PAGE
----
Focus Groups via SCRLC

What is a Focus Group?  

Focus groups are a form of qualitative assessment that can yield valuable, in-depth information and insights about user needs, expectations, or satisfaction with the organization's programs and services.

They are conducted with a small group of people (6-12 per session) with the intention of identifying key perceptions or attitudes. Each session lasts 1-2 hours. The moderator raises several issues/questions that have been prepared ahead of time in conjunction with the organization's director or other staff members. The discussions are recorded to help with the resulting report. All responses are anonymous and the recording is not shared beyond the SCRLC working on the focus group. The recording s deleted after the report has been prepared.

Focus groups can be conducted with a specific sector of users or for an individual program or service in need of assessment. They may be used as a follow-up to a survey that has generated further questions or needs clarity in specific areas.


Why Use a Focus Group?

Focus groups can:

  • provide valuable and detailed information about personal and group feelings, perceptions, and opinions relatively quickly and inexpensively;
  • help identify potential markets, generate new program or service ideas, and reveal areas where problems exist or may develop;
  • clarify areas of a survey that were unclear or in need of more information;
  • offer insights;
  • can stimulate a wide range of ideas and opinions through interaction among participants.

Are There Disadvantages to Using Focus Groups?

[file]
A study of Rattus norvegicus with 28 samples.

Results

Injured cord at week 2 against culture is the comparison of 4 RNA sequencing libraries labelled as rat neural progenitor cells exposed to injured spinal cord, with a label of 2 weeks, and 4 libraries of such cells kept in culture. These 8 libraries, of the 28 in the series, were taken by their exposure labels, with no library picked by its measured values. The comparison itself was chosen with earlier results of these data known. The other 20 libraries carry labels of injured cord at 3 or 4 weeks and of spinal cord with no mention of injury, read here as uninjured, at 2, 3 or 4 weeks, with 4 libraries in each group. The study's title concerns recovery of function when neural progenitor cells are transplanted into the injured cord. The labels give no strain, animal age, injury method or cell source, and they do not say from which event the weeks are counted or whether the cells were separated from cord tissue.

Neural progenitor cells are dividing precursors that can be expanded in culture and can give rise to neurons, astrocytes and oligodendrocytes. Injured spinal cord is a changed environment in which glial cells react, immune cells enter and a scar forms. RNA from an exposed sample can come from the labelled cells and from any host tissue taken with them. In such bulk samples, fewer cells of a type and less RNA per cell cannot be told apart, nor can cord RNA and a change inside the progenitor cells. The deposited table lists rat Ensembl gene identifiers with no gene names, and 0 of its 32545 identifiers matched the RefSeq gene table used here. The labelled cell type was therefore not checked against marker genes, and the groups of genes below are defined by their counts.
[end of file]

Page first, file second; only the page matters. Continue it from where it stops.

• Focus groups are not a substitute for quantitative data but rather another data point;
  • Irrelevant discussion and disagreements can lead the discussion far off-topic;
  • It can be challenging to get a wide-range of participants, including non-users;
  • Even though the moderator will emphasize that the focus group is confidential, anonymous to the organization, and that what is said should not be repeated outside the meeting, some participants may be reluctant to speak up about issues.

What SCRLC Offers. 

SCRLC staff will conduct focus groups for members.

SCRLC is committed to its mission of leading and advocating for member libraries by promoting learning, collaboration and innovation. Focus groups are a useful method of providing library and cultural organizational leadership with information about user needs, expectations, and satisfaction. The information gleaned in a focus group, which is followed by appropriate action, can lead to greater degrees of organizational excellence and user satisfaction.


Why use SCRLC as a Focus Group Facilitator?

Focus groups should be led by a neutral party outside the organization, i.e., the moderator of a focus group should not be a staff member of the organization since this will inhibit discussion and critical comments. SCRLC staff are neutral but informed about library and cultural organization issues.

SCRLC staff are available to travel to member organizations, have the skill set needed to assist in developing the agenda or outline and are trained in leading group discussions. They will also provide a summary report comprising the focus group findings.

SCRLC keeps all discussion and findings confidential.


What does SCRLC Charge?

SCRLC does not generally charge its members for focus groups; however, if an organization has funds set aside or has been awarded a grant that covers focus groups, SCRLC will accept payment that can be added to its continuing education program.


Additional Information about Focus Groups

More information about focus groups can be found on the Empire State Library Network (ESLN) Assessment LibGuide, which is maintained by SCRLC.


Contact Mary-Carol Lindbloom for more information on this member service.